The National Advertising Division has recommended that Blue Buffalo Company, Ltd., manufacturer of BLUE Brand Pet Food Products, modify certain advertising claims to avoid disparaging competing pet food makers. The company has said it will appeal some of NAD’s findings to the National Advertising Review Board.
The claims at issue appeared in television, Internet, print and mobile advertising and were challenged by Hill’s Pet Nutrition, Inc., a competing manufacturer of pet food products.
NAD is an investigative unit of the advertising industry’s system of self-regulation. It is administered by the Council of Better Business Bureaus.
NAD examined express advertising claims that included: “It takes a lot to get me mad, but it really hit me when I realized that his big name dog food had chicken by-product meal as a first ingredient – not real meat. It felt like they fooled me, so I switched Leo to BLUE Buffalo”
· “If you are feeding one of the big-name brands, chances are you’re in for a big let-down”
· “Pet parents are learning the truth about the ingredients in some of the leading dog food brands. Don’t be fooled by the big name dog food brands”
The advertising at issue depicts a pet owner who appears shocked and disappointed to learn that “big name pet foods” contain chicken by-product meal, leading the pet owner to switch to the BLUE product.
Consumers also are invited to compare their pet’s food to BLUE pet food by taking the “True BLUE Test,” an online comparison tool that allows consumers to choose one or more pet foods (including Hill’s Science Diet products) to compare against BLUE dog and cat food based on five ingredient factors: 1) ALWAYS Has Real Meat as the First Ingredient; 2) ALWAYS Includes Veggies and Fruit; 3) NEVER Has Chicken (or Poultry) By-Product Meals; 4) NEVER Has Artificial Colors, Flavors or Preservatives; and 5) NEVER has Corn, Wheat or Soy.
The challenger argued that all of the challenged advertising conveys the same falsely disparaging and inflammatory message – that “big name” pet food manufacturers, including Hill’s, are actively try to conceal the fact that they include chicken by-product meal, instead of meat, as the first ingredient. Further, the challenger contended, the online “True BLUE Test” makes inaccurate, brand-wide comparisons that imply all, or almost all, products from every major competitor contain ingredients such as chicken by-product meal.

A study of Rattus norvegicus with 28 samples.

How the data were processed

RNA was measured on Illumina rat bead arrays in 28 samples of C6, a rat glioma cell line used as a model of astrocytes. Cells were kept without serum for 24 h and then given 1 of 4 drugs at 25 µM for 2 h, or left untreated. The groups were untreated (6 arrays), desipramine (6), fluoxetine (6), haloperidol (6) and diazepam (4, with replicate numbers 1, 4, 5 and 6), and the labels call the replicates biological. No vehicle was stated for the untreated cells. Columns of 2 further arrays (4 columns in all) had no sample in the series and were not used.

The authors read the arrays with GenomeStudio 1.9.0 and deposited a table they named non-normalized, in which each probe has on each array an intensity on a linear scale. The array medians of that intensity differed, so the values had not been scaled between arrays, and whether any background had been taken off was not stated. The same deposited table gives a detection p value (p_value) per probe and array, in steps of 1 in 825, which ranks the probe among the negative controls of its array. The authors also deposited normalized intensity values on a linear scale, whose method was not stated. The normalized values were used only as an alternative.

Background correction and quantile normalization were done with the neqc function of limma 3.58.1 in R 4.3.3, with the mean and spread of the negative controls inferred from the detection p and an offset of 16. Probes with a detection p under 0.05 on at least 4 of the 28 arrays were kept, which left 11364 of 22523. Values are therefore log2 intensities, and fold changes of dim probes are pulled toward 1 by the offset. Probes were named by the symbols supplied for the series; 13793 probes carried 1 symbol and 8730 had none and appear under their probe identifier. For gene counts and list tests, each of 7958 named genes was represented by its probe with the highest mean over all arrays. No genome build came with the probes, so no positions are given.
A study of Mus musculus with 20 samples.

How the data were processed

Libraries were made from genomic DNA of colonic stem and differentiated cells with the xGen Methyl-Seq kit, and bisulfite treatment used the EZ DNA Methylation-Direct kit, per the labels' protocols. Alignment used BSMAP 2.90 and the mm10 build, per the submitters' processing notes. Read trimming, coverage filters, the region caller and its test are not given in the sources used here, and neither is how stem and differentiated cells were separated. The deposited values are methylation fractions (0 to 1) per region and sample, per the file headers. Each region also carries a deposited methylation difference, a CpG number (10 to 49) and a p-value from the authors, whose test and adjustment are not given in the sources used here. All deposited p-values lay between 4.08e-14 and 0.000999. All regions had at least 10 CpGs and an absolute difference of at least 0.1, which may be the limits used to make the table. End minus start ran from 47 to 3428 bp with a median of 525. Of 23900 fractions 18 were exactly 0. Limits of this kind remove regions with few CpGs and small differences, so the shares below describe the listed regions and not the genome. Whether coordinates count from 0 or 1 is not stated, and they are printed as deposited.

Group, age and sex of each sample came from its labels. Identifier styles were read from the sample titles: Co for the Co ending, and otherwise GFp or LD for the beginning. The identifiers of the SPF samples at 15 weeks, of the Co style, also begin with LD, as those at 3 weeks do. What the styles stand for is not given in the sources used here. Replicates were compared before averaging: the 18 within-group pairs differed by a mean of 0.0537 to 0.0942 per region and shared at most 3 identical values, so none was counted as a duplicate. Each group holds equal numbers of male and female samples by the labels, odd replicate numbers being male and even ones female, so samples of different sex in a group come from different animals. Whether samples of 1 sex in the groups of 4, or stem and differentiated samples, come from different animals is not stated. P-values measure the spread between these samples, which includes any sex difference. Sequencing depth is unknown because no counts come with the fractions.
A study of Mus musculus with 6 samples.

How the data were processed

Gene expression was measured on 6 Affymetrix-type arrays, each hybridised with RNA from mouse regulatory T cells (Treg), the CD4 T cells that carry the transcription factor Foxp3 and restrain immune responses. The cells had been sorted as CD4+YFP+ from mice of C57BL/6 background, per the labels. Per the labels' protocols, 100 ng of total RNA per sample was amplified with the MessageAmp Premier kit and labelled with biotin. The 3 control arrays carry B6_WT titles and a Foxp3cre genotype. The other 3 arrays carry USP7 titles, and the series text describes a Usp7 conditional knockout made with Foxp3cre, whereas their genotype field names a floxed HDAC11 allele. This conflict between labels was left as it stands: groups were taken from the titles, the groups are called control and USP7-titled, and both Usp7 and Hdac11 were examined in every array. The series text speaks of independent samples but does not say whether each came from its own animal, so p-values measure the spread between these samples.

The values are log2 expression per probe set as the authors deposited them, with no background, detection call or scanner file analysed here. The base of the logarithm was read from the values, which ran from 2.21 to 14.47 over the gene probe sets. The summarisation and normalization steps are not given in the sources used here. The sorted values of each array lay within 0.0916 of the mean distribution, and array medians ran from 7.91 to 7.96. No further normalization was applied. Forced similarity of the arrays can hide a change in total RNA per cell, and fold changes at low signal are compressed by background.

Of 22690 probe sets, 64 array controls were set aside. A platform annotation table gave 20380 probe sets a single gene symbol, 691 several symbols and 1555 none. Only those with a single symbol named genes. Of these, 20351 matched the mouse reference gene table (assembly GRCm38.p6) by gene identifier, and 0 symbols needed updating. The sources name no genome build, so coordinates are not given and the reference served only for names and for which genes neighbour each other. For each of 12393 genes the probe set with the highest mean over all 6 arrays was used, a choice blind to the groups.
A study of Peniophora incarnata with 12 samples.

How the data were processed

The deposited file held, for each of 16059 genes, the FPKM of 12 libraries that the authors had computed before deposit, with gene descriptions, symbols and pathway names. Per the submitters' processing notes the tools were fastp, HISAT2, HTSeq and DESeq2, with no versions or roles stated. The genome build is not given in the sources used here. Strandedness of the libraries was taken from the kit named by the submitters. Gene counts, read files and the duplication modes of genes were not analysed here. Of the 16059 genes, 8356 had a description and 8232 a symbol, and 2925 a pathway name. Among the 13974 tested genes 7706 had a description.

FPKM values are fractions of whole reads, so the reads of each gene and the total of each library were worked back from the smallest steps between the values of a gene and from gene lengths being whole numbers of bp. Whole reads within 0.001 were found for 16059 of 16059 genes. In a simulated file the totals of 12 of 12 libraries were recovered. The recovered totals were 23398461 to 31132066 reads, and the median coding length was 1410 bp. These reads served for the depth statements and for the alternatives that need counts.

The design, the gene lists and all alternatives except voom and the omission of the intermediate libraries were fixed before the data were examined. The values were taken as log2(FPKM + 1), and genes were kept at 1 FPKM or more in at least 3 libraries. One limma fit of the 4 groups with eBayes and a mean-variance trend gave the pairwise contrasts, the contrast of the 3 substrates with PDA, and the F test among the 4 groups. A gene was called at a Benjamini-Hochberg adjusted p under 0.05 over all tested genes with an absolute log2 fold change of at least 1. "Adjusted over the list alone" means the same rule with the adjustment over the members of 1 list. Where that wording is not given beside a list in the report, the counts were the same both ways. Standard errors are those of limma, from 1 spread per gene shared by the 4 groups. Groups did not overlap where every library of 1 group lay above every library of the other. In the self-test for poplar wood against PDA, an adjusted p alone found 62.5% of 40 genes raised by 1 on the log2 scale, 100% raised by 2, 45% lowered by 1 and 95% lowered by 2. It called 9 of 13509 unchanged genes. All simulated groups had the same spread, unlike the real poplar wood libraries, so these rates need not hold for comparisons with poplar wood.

The advertiser contended that its market research shows that many pet owners prefer meat as the first ingredient of their pet food and do not want their pet’s food to contain any chicken or poultry by-product meals. Further, the advertiser maintained that the surprised and angry reactions of the actors constitute puffery.
NAD has previously held that while companies can and should inform consumers about the composition of their pet food, they may not falsely disparage competing products by communicating unsupported messages that these products are less healthy, less safe, or nutritionally inferior.
NAD determined that the challenged advertisements reasonably conveyed that leading pet-food makers are misleading consumers by actively concealing the content of their products and by positioning their products as high-quality when they are not and that consumers should switch to BLUE.
NAD was concerned about the accuracy of these implied messages for a number of reasons. First, NAD noted, the pet-food market is sharply fragmented and it was unclear which manufacturers form the basis of the advertiser’s comparison. Second, the advertiser did not provide any evidence that “big name” pet food manufacturers are actively concealing the truth about the ingredients in their products. Finally, NAD noted, while meat is certainly a high-quality, nutritious ingredient, the advertiser did not provide any evidence that meat by-product meal is not nutritious.
NAD recommended that the advertiser modify the challenged advertisements to avoid any express or implied references to competing manufacturers “fooling” or otherwise misleading consumers because their products include meat or chicken by-product meals.
However, NAD noted, the advertiser is free to promote the high-quality ingredients in its products and to encourage consumers to check product labels before making purchasing decisions.
NAD further recommended significant modifications to the advertiser’s online “True BLUE Test” to assure that comparisons are truthful and accurate, that disclosures are clear, conspicuous and easy to read and assure that checkmarks – signifying positive pet-food attributes – are uniform in color to equally highlight the positive attributes of both BLUE and its competitors.